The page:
Mar 11, 2012

Adventures with SOAP using Perl: Part 2 ( SOAP::Data::Builder )

Start by reading the first 2 parts :

  1. Part 0 Prelude (setup server.pl)
  2. Part 1 SOAP::Lite

SOAP::Data::Builder is simply a wrapper around SOAP::Data and SOAP::Serializer for SOAP::Lite. I used it because it made my life easier building nested complicated SOAP objects. However for Part 2 I will simply be showing how to use it to do the same code as Part 1. Unfortunately since Part 1 is so Simple this actually makes SOAP::Data::Builder more complex than SOAP::Lite would be for this. In a future installment I will attempt to show more complex examples, but I will explain them less. Now let's take a look at the code.

#!/usr/bin/perl
use 5.010;
use strict;
use warnings;
use SOAP::Lite +trace => [ 'debug' ];
use SOAP::Data::Builder;

my $req = SOAP::Lite->new(
    readable   => 1,
    proxy      => 'http://localhost:8877',
    ns         => 'http://namesservice.thomas_bayer.com/',
);

my $sb = SOAP::Data::Builder->new;

$sb->add_elem(
    name  => 'name',
    value => 'Mark',
);

my $res = $req->getNameInfo( $sb->to_soap_data );

say '-' x 3;

unless ( defined $res->fault ) {
    say scalar $res->valueof('//country');
} else {
    say $res->fault->{faultstring};
    say $res->fault->{detail}{error};
}

As you can see this is much the same as the final code in Part 1, and if you run it, it does exactly the same thing. The first difference you'll notice is the self explanatory creation of the SOAP::Data::Builder object. After that comes the ->add_elem method call, which will simply create an element with a given element name and a value for that element.

Once you've finished adding elements to your $sb object, then you can call pass $sb->to_soap_data to the method that you're calling on SOAP::Lite, this generates the structure that SOAP::Lite needs to be able to make your request.

The only thing I didn't like about SOAP::Data::Builder is if you don't pass the right parameters to ->add_elem it will not croak or error in any way that will really tell you what went wrong. Simple patches to this can fix it.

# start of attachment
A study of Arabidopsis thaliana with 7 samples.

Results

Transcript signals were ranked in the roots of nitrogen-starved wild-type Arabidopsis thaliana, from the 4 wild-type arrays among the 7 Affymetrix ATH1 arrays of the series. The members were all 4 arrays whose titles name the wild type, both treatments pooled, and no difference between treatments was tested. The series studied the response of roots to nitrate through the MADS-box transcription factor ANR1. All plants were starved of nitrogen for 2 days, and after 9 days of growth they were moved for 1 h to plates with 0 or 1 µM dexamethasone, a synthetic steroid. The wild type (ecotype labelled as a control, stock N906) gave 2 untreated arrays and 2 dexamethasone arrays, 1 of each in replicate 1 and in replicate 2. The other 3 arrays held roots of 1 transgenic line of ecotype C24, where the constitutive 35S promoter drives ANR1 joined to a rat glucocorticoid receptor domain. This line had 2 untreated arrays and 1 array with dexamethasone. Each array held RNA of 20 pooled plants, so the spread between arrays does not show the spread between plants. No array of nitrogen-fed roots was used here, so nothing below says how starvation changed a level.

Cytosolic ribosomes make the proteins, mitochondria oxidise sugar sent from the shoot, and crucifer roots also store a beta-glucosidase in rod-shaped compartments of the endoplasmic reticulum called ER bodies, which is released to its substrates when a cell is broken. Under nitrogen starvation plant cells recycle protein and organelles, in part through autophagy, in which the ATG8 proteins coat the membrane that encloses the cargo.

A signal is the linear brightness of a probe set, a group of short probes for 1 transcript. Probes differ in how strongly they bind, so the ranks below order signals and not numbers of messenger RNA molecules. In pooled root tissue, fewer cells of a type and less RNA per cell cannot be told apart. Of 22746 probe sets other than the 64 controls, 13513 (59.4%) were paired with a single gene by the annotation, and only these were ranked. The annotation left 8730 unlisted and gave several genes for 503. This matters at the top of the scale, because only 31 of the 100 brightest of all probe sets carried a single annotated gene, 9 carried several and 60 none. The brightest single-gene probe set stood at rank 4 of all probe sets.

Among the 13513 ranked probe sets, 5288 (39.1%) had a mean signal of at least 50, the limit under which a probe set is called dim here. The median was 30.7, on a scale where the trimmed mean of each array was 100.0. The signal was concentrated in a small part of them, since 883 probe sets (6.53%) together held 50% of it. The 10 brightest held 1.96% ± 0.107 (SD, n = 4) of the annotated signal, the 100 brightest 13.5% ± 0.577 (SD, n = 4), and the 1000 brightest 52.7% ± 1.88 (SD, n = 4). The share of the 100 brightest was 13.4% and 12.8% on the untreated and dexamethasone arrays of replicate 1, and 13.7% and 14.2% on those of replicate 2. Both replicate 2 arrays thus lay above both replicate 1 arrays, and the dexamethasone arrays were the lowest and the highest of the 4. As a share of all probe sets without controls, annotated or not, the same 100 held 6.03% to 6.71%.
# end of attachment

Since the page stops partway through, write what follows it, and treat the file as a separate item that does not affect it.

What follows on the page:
Mar 4, 2012

Simple scripting CLI with Expect.pm

Expect is use primarily for sending Input to Command Line programs that Prompt and wait for input. For starters you'll need an executable script and I've pasted one that I got elsewhere for a demo.

#!/usr/bin/env perl
# slightly modified from http://www.tizag.com/perlT/perluserinput.php
use 5.014;;
use warnings;


print "How old are you?";
my $age = <>;

print "What is your favorite color?";
my $color = <>;

say "You are $age, and your favorite color is $color.";
It's trivial, you should probably run it just to see what it does. Now take a look at our Expect Script.

Although you can read the comments yourself, let's go over it anyways. ->spawn takes a list of arguments, with the first being a command, and the rest being any command line arguments, or options passed to said script. I could have easily just put the command in spawn, but I though I'd show a more dynamic example. After that you'll notice I've hard coded 2 sets of params that could possibly be fed into the program. I also have created some 1 at a time iterators, this simply makes it easier to iterate them in expect. Now onto the Expect object itself.

If you've read the documentation you'll notice there are 3 debug settings, with 3 being the most verbose, and some verbose settings. None of this appeared to be as verbose as I could get, however turning on ->exp_internal(1); printed everything I needed to understand expect and debug what I was doing wrong. The ->spawn method of course forks and execs our command, the output of which then gets iterated by ->expect.

The first argument to ->expect is the timeout, which is measured in seconds. The timeout is how long expect will wait for the output to match one of the regexes. You could set it to undef if you want to wait forever, or if it's just a program that has some startup time before it prompts set it to a few seconds. The timeout will (by default) be used again in between each prompt.

After timeout you can specify a list of array refs, each of which has 2 elements. The first is a regular expression that will allow you to tell expect how to recognize a prompt. The second is a coderef which allows you to tell expect what to do if it's corresponding match is hit. Both regexes will be run against every line, checking to see if they match.

Inside of our coderef we can use ->send to send input to the prompt. Remember send doesn't automatically press enter, so be sure to add your newlines. exp_continue means after match continue using this ->expect call to try to match the next line.

When running the script you'll notice the second regex never matches, but if reading the 'internal' output you'll see that it is attempting to.

The last line is a call to ->before which in this case, not very intuitively prints everything that was in the pty after the last match, or more appropriately, before the program exited. You'll also notice that it collects the thing that you sent to the last match.

That's the basics of what I've discovered, I'm not sure I fully understand how it all works yet (which means my explanations might not be 100% correct), but perhaps me writing this will help someone else get started with Expect. Happy Hacking!